By Harold Hutchison

17 July a civilian Malaysian Airlines Flight MH17 crashed near the village of Torez in Donetsk, an oblast of the Ukraine currently controlled by pro-Russian separatist rebels. 295 died as the plane crashed and burned. Officials fear that Americans may have been on board along with Europeans and some Malaysians. Ukraine accused Russia of being behind the shooting of the plane, downed with a missile, a charge Russia denies. Until now, a lot of surface-to-air missiles did not get much press. That has changed for one in particular, the Russian Buk missile system, also known as the SA-11/SA-N-7 Gadfly and SA-17/SA-N-12 Grizzly.

The Buk missile system is far more capable than the SA-2 Guideline missiles (S-75 Dvina) that were widely used by the North Vietnamese during the Vietnam War. The Buk itself is an improved version of the Kub, a radar-guided surface-to-air missile that made its mark in the 1973 Yom Kippur War after being in introduced in 1966.

The Buk entered service in 1980, and first hit popular consciousness when it was mentioned in Tom Clancy’s Red Storm Rising. The system used semi-active radar guidance, which means that a radar must “paint” the target while the missile is in flight. The system was not only used by the ground forces of the Soviet Union, but it also was used on naval vessels, notably the Sovremennyy-class guided-missiles destroyer, as the SA-N-7. It has a range of 19 miles.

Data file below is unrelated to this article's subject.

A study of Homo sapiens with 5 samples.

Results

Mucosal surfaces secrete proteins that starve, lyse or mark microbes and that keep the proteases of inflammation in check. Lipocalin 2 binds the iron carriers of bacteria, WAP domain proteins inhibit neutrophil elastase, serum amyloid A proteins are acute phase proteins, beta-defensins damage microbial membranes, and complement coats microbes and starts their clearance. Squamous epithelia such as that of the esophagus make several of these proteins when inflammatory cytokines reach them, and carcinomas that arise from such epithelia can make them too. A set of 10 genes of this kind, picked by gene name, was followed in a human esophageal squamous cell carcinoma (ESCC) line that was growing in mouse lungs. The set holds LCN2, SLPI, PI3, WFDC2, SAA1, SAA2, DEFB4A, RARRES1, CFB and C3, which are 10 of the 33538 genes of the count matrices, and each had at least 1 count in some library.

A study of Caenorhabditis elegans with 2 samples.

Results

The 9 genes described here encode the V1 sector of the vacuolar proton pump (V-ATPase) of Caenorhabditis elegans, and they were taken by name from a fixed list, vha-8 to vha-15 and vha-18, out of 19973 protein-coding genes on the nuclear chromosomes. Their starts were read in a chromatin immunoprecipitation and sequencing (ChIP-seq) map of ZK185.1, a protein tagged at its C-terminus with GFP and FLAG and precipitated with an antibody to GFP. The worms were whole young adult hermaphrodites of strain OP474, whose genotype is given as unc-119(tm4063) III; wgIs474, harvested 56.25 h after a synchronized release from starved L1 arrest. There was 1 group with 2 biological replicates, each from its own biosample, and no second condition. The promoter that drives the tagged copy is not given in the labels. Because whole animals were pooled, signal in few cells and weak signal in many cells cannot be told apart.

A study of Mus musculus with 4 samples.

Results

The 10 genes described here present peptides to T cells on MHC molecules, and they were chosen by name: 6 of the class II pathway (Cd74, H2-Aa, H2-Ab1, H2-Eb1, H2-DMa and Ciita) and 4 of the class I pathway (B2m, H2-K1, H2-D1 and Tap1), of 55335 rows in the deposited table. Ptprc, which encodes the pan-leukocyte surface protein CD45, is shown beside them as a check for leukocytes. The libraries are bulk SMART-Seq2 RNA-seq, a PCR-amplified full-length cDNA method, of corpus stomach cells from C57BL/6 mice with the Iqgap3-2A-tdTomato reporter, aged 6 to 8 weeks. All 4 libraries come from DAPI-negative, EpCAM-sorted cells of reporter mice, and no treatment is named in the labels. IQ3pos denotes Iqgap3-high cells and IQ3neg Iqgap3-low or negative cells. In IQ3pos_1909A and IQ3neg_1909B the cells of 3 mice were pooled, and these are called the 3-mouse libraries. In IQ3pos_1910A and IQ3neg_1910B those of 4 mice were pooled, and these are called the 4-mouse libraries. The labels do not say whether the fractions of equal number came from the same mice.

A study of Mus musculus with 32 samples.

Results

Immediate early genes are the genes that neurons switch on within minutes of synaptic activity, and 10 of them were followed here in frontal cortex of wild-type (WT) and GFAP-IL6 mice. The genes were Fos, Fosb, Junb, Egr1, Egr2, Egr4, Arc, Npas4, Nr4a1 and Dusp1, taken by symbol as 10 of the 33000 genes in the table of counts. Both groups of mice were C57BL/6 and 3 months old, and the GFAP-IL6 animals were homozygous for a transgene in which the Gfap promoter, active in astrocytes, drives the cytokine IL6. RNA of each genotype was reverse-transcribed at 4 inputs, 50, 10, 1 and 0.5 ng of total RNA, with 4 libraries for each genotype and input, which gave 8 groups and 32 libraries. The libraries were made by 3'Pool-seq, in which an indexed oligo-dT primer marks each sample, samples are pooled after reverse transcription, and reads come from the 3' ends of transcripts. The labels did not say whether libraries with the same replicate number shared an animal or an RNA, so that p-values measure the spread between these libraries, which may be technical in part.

SA-N-7 missile launcher on a Sovremenny-class destroyer at the center of the photo.
(U.S. Navy photo)

In 1998, the SA-17 Grizzly was introduced, a further improved Buk. One notable improvement on the system was an increase of 50% in range. Like the SA-11, a naval version, the SA-N-12, has been used.

The system has been exported to a number of countries, including Syria, North Korea, Communist China, Venezuela, India, Vietnam, Finland, and Egypt.